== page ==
And then again she was heart-whole. This surely is curious. Charlotte Bronte heart-whole at the age of thirty-one! Charlotte Bronte, the first novelist to make women in fiction passionate human beings; the writer who, boldly and to the horror of Puritanical critics, broke away from the old tradition and allowed her girl characters to think and feel, endowing them with something great and more real than a blushing, simpering coyness! Yes, it is indeed strange. And she had not even been in love, although she had already had two offers of marriage, two in one year, her twenty-fourth, before she had displayed any promise of literary fame and greatness.

The first suitor, the Rev. Henry Nussey, was a brother of her dear friend Ellen Nussey, a really sincere and noble-minded man. And he loved Charlotte dearly, very dearly. But she, it would seem, despite the man's ardent declaration, and although gratified by his devotion, never for a moment seriously contemplated marrying him.

"Before answering your letter," she wrote on March 5, 1839, "I might have spent a long time in consideration of its subject; but as from the first moment of its reception and perusal I determined on what course to pursue, it seemed to me that delay was wholly unnecessary. . . I feel convinced that mine is not the sort of disposition calculated to form the happiness of a man like you . . . and I will never, for the distinction of attaining matrimony and escaping the stings of an old maid, take a worthy man whom I am conscious 1 cannot render happy."

And then she wrote to Ellen:

"There were in his proposal," she said, "some things which might have proved a strong temptation. I thought if I were to marry Henry Nussey, his sister could live with me, and how happy I should be. But again I asked myself two questions: Do I love him as much as a woman ought to love the man she marries? Am I the person best qualified to make him happy?

"Alas, Ellen, my conscience answered 'no' to both these questions. I felt that I had not, and could not have, that intense attachment which would make me willing to die for him; and if ever I marry it must be in the light of that adoration I will regard my husband."

No, she could never marry Ellen's brother. In him she could never realise her own ideal. The man she learned to love - why, she cried, "the whole world, weighed in the balance against his smallest wish, should be light as air."

Then she added, with a touch of pathos: "Ten to one I shall never have the chance again; but n'importe."

She did, though, and only a few months later. During the summer, in fact, an old friend of the family came to pay a visit at the rectory, and with him he brought a young clergyman, fresh from Dublin University, a lively, clever, witty young Irishman. The man amused Charlotte; she talked to him gaily, laughing at his jests without restraint until, as the day wore on, "he began to season his conversation with something of Hibernian flattery." Then she cooled towards him. This was not at all to her liking.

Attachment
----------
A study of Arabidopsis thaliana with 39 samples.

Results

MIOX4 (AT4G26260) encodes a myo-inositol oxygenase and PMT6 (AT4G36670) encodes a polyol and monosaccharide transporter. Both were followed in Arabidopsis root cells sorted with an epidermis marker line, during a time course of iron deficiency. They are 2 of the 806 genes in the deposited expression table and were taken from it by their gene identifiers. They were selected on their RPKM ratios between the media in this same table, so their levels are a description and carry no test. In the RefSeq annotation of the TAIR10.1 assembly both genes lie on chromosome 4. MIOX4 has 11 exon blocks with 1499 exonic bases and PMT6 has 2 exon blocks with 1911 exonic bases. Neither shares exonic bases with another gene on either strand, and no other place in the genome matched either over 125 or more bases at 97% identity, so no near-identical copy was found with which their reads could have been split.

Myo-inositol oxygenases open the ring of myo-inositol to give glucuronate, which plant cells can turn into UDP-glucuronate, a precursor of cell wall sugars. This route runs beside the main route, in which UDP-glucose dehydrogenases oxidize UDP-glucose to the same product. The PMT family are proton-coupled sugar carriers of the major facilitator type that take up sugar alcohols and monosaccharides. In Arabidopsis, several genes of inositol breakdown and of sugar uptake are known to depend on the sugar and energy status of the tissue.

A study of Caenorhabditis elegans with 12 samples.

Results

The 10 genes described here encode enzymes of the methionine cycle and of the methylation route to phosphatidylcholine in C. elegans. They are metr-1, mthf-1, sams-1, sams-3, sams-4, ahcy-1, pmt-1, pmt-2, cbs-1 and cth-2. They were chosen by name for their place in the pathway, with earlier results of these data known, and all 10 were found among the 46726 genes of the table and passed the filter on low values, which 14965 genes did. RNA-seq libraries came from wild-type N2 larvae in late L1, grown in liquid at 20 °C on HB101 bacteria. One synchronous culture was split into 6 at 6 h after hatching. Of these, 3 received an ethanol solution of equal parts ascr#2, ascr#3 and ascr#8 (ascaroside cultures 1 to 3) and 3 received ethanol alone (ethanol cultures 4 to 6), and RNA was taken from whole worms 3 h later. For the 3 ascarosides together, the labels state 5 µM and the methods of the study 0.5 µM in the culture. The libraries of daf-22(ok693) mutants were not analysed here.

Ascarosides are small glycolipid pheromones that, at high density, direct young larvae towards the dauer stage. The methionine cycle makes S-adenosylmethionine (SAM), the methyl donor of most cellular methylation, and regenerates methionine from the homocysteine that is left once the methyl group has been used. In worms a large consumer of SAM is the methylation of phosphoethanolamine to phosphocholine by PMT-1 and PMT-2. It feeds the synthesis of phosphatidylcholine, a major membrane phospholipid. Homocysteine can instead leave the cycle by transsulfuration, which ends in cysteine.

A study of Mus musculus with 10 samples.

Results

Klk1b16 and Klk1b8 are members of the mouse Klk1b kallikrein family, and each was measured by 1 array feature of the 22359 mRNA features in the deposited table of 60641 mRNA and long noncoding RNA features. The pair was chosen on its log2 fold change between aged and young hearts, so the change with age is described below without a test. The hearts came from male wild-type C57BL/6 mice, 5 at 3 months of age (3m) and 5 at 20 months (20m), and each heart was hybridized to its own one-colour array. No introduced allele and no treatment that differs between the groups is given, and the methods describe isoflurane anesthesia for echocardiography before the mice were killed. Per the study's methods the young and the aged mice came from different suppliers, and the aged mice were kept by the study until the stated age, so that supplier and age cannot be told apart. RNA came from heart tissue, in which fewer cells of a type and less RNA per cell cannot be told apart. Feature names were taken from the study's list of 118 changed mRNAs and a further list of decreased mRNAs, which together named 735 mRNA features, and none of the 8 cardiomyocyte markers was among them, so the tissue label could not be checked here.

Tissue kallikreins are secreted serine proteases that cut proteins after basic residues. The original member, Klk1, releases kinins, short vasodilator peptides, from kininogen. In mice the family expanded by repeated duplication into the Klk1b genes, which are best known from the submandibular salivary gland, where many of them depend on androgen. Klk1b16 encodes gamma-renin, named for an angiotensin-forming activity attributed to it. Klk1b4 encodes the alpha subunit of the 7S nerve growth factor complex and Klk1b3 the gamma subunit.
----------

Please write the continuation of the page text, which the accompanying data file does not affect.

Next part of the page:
But presently the man departed. And after he had gone Charlotte thought no more about him until, a few days later, she received a letter in a strange handwriting. Who could the writer be? Consumed with curiosity, she tore the letter open, and read - surely as ardent a declaration of love as has been ever penned. The writer was her young Irish friend!

"I have heard of love at first sight," she wrote afterwards; "but this beats all. I leave you to guess . . . my answer."

And the nature of that answer, reader, perhaps you, too, can guess. Charlotte Bronte was not a hare-brained girl. For love, for a true, deep love, she longed; and to it she would have yielded herself utterly and gladly. But to that tawdry substitute, an emotional attachment - never.

But that love which she required is a rare and priceless jewel indeed. Many people seek for it; few ever find it. In the end, the great majority clutch feverishly at the sham. And so, as the years rolled on, romance became almost a stranger to her; work absorbed all her energies.

Yet still she thought a great deal about love - about love and marriage. This, of course, her art demanded of her; it demanded that she should understand the emotions of her sex. But her own she failed utterly to understand. And many a great writer and many a great thinker has suffered similarly.

And then, again, although in her inmost heart Charlotte remained faithful to the man of her dreams, Time - Time, the great changer of all things - completely revolutionised her views on life. The girl's longing for a man for whose sake she could wish to die; a man whose smallest wish would outweigh in the balance the whole world, yielded to the woman's wish for love, for somebody to care for her and cherish her.

It is a sad tale, the story of Charlotte Bronte's love, but still there is something infinitely beautiful about it.

It is a sad tale, the story of Charlotte Bronte's love, but still there is something infinitely beautiful about it.

something truly noble From a portrait by J. H. Thompson

"My good girl," she wrote to Ellen Nussey, "Une grande passion c'est une grande folie. Mediocrity in all things is wisdom; mediocrity in sensations is superlative wisdom."

And then again she wrote:

"No girl should fall in love till the offer is actually made. This maxim is just. I will even extend and confirm it. No young lady should fall in love till the offer has been made, accepted, the marriage ceremony performed, and the first half year of married life has passed away. A woman may then begin to love, but with great precaution, very coolly, very moderately, very rationally. If she ever loves so much that a harsh word or a cool look cuts her to the heart she is a fool. If she ever loves so much that her husband's will is her law, and that she has got into the habit of watching his looks in order that she may anticipate his wishes, she will soon be a neglected fool."